Food for Thought
No Food Allowed.
If you’ve been to a library, you likely know that edict. But at the Free Library of Philadelphia, the rule doesn’t apply. In fact, they serve up supper on platters.
In the process, through its creative ways, the Free Library is tackling two big-city challenges that on the surface might seem miles apart. And thanks to the innovation of Siobhan Reardon and her staff, it’s doing so all through a single initiative.
The first of the seemingly disparate challenges: illiteracy rates. The second: food. As in, food deserts, poor nutrition, and so on.
It all started when Reardon, president and director of the library system, and her team took advantage of a library renovation to put in a kitchen. That enabled the creation of the Culinary Literacy Center, where Reardon and her staff started a series of adult education programs built around cooking. Through the fun that comes with cooking (and eating!), the center teaches literacy—and so much more. A recipe, notes Reardon, “addresses nominal literacy skills, it addresses math skills, it addresses science, it gets at communications because you have to talk though your recipes, it gets at critical thinking, because you can change a recipe, it is health literacy.”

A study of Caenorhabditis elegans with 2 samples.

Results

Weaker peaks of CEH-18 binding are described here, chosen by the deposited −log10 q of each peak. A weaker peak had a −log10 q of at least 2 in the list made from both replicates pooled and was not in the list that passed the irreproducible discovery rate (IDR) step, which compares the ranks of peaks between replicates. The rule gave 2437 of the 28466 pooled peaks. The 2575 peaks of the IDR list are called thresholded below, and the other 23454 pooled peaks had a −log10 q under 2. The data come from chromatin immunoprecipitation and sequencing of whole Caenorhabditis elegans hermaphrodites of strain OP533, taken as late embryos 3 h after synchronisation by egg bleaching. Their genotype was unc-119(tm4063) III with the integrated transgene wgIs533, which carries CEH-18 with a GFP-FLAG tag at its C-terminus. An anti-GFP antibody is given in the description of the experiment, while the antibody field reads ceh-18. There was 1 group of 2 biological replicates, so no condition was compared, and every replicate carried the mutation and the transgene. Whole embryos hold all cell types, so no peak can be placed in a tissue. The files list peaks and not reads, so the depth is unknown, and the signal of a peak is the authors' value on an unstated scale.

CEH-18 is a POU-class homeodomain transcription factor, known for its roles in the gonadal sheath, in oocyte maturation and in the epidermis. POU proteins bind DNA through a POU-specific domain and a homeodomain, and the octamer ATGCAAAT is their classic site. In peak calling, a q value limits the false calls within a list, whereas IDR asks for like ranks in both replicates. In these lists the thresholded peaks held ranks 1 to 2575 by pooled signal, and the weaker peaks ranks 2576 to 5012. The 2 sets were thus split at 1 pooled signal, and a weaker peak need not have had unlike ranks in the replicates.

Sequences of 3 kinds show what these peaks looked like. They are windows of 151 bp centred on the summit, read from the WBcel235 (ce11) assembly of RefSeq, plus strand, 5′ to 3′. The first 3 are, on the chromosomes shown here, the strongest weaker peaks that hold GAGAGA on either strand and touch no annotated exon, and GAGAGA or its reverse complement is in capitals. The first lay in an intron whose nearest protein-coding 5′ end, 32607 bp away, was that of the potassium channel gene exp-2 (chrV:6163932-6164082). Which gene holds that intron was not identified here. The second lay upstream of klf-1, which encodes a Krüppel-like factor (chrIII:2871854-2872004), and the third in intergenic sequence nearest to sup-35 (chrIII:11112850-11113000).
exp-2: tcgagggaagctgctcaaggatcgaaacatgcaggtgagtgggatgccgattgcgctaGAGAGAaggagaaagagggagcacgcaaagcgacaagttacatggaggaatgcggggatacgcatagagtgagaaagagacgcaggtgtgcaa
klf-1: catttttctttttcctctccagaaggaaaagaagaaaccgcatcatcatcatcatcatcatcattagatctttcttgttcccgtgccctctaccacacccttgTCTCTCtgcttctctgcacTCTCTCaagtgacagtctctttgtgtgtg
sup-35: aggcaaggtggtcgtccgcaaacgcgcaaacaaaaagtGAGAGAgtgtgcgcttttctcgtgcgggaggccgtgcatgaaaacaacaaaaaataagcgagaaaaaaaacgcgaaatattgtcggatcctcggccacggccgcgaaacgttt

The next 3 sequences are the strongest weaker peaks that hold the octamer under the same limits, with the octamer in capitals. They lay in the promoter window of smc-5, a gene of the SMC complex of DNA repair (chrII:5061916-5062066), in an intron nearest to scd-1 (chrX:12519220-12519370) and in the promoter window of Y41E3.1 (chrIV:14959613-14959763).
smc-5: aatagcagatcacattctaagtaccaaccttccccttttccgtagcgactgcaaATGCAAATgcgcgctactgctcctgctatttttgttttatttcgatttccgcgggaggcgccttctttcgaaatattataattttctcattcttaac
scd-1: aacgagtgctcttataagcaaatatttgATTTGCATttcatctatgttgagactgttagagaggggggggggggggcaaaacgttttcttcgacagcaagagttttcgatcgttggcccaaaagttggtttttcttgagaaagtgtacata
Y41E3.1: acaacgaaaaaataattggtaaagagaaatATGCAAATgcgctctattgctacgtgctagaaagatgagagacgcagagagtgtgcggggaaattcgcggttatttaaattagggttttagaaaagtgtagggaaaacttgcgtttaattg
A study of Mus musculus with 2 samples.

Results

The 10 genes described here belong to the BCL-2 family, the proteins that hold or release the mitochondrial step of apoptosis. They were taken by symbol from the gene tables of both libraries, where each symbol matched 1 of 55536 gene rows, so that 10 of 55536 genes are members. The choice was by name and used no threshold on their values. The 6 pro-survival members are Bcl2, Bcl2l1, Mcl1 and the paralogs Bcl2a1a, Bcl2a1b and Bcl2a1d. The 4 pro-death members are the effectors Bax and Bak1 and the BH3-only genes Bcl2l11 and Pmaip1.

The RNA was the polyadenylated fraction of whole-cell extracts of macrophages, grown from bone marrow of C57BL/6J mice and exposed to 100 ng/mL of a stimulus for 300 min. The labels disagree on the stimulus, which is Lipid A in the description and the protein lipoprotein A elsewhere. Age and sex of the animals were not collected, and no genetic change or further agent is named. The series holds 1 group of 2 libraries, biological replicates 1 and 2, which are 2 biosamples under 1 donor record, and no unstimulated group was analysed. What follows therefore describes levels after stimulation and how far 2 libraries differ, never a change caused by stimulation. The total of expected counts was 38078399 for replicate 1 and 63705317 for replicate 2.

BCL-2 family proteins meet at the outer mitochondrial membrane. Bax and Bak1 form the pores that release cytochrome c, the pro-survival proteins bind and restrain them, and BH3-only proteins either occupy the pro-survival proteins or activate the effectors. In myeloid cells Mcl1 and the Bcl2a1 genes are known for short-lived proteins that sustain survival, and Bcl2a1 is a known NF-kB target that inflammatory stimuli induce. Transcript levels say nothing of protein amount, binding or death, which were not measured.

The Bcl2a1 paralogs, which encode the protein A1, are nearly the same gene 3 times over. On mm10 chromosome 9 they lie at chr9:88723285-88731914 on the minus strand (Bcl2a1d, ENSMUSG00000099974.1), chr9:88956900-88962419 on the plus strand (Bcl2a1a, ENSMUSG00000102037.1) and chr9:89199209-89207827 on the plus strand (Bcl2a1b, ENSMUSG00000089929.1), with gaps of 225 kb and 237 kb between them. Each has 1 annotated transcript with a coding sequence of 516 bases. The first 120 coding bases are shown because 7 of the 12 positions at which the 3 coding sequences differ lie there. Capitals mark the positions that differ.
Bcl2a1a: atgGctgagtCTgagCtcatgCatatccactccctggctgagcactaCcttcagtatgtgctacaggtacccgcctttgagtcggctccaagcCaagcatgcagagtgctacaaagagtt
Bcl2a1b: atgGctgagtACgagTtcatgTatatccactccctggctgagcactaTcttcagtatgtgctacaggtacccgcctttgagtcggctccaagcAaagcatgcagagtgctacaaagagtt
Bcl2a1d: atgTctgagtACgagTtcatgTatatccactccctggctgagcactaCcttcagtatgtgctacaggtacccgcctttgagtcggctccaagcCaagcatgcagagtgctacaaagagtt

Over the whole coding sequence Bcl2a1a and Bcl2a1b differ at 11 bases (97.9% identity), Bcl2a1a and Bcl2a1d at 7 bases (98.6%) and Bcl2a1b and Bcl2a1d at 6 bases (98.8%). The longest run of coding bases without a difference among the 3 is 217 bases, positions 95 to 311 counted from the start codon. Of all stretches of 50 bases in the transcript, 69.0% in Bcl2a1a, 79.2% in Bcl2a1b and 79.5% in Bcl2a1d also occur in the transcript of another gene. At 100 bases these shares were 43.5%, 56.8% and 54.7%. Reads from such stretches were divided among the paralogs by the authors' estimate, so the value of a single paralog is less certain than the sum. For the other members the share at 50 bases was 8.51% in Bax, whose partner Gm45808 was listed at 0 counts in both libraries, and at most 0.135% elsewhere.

Not to mention that the multifaceted experience has cultural elements and fosters social engagement; in other words, the list goes on. Today patrons can register for such free or low-cost ($5) classes as Great Garbanzos!, CityLife Clinic: Adult Nutrition Workshop, or A Taste of African Heritage.
Such classes might, for example, shine the spotlight on an overlooked culinary tradition, and in most cases, they likely will offer healthy, inexpensive, and practical nutritional alternatives to the all-to-common fare that’s feeding high rates of diabetes, heart disease, and obesity rates in many urban areas including Philadelphia. Some offerings, meanwhile, provide an opportunity for new Americans to build their English language skills while sharing their culture with their new neighbors and building connections within their new community.
Community members love the program, says Reardon, and that sentiment is confirmed in the numbers. Over 15,000 patrons of all ages participated at the Center during its first two years alone. In response, Reardon and her team are now expanding, creating toolkits to allow for modified programs at other library branches that lack full kitchen resources.